What would happen if parents sent their kids to day schools that consciously aligned with their household’s affinity for a particular denomination or attitude toward Jewish tradition or Israel or Hebrew language instruction – regardless of geographic proximity?
I pondered this last night after a conversation with a colleague who, as a downtown resident, recounted how he agonized over whether to send his child to the Reform day school further uptown or the Conservative day school a block away from “the Reformie”. What struck me about this particular dilemma was threefold: How could one so easily substitute one school for the other? Though they are practically on top of each other on the Bathurst corridor, ideologically, they are miles apart. And, more importantly, how could my colleague consider either of these schools as valid options for his child when he self-identified as neither Reform nor Conservative? The only heartening realization here was that the quality of education and teaching seemed to be “controlled” – that is, the individual assumed the teaching/education would be equally good at either school. Thumbs up, teachers!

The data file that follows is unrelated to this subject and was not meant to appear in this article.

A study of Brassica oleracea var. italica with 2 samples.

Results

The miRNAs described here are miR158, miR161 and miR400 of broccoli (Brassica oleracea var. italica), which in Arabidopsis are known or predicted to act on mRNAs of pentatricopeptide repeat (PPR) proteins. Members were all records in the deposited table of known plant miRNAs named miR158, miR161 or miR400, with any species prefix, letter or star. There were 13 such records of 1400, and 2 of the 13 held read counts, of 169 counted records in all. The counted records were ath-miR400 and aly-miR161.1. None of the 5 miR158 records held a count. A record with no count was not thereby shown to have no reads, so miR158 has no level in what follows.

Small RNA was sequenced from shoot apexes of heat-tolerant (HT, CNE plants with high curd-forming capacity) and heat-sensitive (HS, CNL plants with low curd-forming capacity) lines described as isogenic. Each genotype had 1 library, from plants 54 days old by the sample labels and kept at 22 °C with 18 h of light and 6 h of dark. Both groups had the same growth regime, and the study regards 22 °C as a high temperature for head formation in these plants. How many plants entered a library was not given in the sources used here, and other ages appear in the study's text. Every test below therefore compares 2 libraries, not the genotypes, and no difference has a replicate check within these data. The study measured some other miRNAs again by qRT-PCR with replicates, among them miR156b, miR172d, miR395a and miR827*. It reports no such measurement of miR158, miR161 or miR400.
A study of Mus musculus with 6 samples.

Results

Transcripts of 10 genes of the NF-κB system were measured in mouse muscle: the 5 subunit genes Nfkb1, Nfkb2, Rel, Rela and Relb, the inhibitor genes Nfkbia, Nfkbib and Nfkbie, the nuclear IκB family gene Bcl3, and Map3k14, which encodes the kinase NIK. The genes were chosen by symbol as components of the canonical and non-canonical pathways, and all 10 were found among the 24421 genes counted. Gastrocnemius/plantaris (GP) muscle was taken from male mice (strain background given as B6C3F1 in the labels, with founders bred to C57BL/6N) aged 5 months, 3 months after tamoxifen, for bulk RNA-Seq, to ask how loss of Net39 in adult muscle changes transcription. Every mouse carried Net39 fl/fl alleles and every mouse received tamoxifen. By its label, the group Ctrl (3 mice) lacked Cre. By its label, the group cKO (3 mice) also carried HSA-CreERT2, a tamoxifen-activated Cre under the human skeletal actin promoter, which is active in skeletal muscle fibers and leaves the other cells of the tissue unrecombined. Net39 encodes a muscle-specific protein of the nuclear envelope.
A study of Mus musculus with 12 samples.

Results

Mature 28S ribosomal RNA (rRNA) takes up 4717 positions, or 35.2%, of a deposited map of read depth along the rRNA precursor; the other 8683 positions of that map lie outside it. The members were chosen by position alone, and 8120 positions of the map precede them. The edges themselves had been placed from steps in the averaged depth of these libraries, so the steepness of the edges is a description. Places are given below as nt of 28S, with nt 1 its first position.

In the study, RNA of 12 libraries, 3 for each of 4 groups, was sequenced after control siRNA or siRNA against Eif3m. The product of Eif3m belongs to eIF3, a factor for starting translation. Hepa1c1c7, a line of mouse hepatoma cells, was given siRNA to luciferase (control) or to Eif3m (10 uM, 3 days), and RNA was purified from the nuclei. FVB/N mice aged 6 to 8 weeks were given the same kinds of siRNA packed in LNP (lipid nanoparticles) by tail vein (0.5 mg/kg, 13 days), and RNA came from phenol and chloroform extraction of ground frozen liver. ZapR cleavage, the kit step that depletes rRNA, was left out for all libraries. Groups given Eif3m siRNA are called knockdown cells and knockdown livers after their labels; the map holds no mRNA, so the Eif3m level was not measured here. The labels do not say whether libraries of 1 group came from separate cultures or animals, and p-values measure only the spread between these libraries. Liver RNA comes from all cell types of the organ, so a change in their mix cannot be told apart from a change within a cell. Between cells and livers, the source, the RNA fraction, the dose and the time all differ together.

And so, I wondered: Do the considerations that drive day school attendance mirror the considerations one has when buying a house? Do folks choose a school based on where one’s friends live, proximity to essential amenities, location, location, location (and did I mention location?) and, of course, curb appeal and prestige?
And if these, then, are the considerations of (some) parents, why do schools persist in assuming that parents (on the whole) are making an ideologically driven educational decision when, in fact, some-to-many are making a real-estate decision… ? And how does one design curriculum and recruit the best role-modeling-teachers when, for not-a-small-number of folks, all that they are really looking for in a school is just a nice house for their kids?